Designing projects to solve community issues becomes part of Ngee Ann Poly's curriculum

Social enterprise students Liew Yan Zhang (left) and Chong Yao Xiang designed a project in which needy people in Cambodia could use recycled cardboard to make educational tools which could be sold.
Social enterprise students Liew Yan Zhang (left) and Chong Yao Xiang designed a project in which needy people in Cambodia could use recycled cardboard to make educational tools which could be sold.ST PHOTO: CHEW SENG KIM

SINGAPORE - Students at Ngee Ann Polytechnic will soon play a more active role in addressing issues faced by the community.

On Tuesday, the polytechnic said that every diploma course it offers will have at least one module that has a "service learning" element, in which students are encouraged to design projects to solve existing problems in the community.

Some 22 service-learning modules will be rolled out in 2016. This will grow to 50 modules by 2018. Seventy Ngee Ann Polytechnic lecturers have been trained for these modules and 50 more will be trained by the end of 2016.

On the reasons for the move, Mr Clarence Ti, principal of Ngee Ann Polytechnic, said it is important to groom students with empathy, adding that "it is far better for the polytechnic to (nurture) a generation of big hearted people than a generation of brilliant people".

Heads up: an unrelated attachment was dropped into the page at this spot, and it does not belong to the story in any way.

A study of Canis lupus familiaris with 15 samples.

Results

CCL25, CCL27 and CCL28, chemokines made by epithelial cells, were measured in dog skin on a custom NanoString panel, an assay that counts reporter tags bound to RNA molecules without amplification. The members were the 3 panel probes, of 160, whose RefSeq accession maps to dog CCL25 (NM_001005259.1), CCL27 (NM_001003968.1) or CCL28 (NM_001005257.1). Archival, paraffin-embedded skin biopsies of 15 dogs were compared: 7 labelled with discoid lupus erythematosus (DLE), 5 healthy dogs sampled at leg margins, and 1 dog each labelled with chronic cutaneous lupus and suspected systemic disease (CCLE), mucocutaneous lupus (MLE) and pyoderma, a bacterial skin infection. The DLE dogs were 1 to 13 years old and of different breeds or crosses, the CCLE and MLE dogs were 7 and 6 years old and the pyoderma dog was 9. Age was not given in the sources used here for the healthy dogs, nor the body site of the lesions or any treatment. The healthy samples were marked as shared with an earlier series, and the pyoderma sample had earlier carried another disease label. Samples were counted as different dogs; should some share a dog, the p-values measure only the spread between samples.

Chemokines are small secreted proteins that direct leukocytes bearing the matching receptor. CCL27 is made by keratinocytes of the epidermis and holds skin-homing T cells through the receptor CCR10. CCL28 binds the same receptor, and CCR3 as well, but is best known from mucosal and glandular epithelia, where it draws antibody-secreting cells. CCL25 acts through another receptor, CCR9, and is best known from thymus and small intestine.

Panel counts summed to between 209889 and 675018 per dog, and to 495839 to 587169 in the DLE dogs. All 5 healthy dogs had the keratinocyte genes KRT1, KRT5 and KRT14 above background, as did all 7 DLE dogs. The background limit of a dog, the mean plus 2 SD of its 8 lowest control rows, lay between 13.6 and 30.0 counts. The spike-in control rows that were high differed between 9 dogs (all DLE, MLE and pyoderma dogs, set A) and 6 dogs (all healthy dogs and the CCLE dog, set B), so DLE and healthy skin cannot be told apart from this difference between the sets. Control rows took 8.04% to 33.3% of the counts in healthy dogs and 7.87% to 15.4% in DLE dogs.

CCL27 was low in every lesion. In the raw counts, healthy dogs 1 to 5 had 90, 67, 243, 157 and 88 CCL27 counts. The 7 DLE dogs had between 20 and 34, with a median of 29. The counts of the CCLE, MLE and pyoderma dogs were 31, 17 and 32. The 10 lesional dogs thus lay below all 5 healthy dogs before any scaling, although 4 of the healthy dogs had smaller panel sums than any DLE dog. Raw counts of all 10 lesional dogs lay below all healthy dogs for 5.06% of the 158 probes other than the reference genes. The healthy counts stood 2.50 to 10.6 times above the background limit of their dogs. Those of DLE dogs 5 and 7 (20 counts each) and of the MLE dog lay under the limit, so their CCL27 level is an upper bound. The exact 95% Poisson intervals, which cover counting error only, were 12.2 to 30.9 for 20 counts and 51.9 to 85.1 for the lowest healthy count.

Ngee Ann Polytechnic's senior director Choo Cheh Hoon said that the service-learning modules will give students the opportunity to "walk in the shoes of their beneficiaries and better understand their needs".

In one pilot service-learning module last year, third year business and social enterprise students Liew Yan Zhang and Chong Yao Xiang, both 19, designed a project in which needy people in Cambodia could use recycled cardboard to make educational tools, such as models, which could be sold. This could then help the poor earn some cash.

They will be implementing their project in May this year.

Said Yan Zhang of the project: "It is deeply rewarding to apply what I have learnt in my course to help the less privileged lead better lives. This makes studying a lot more purposeful."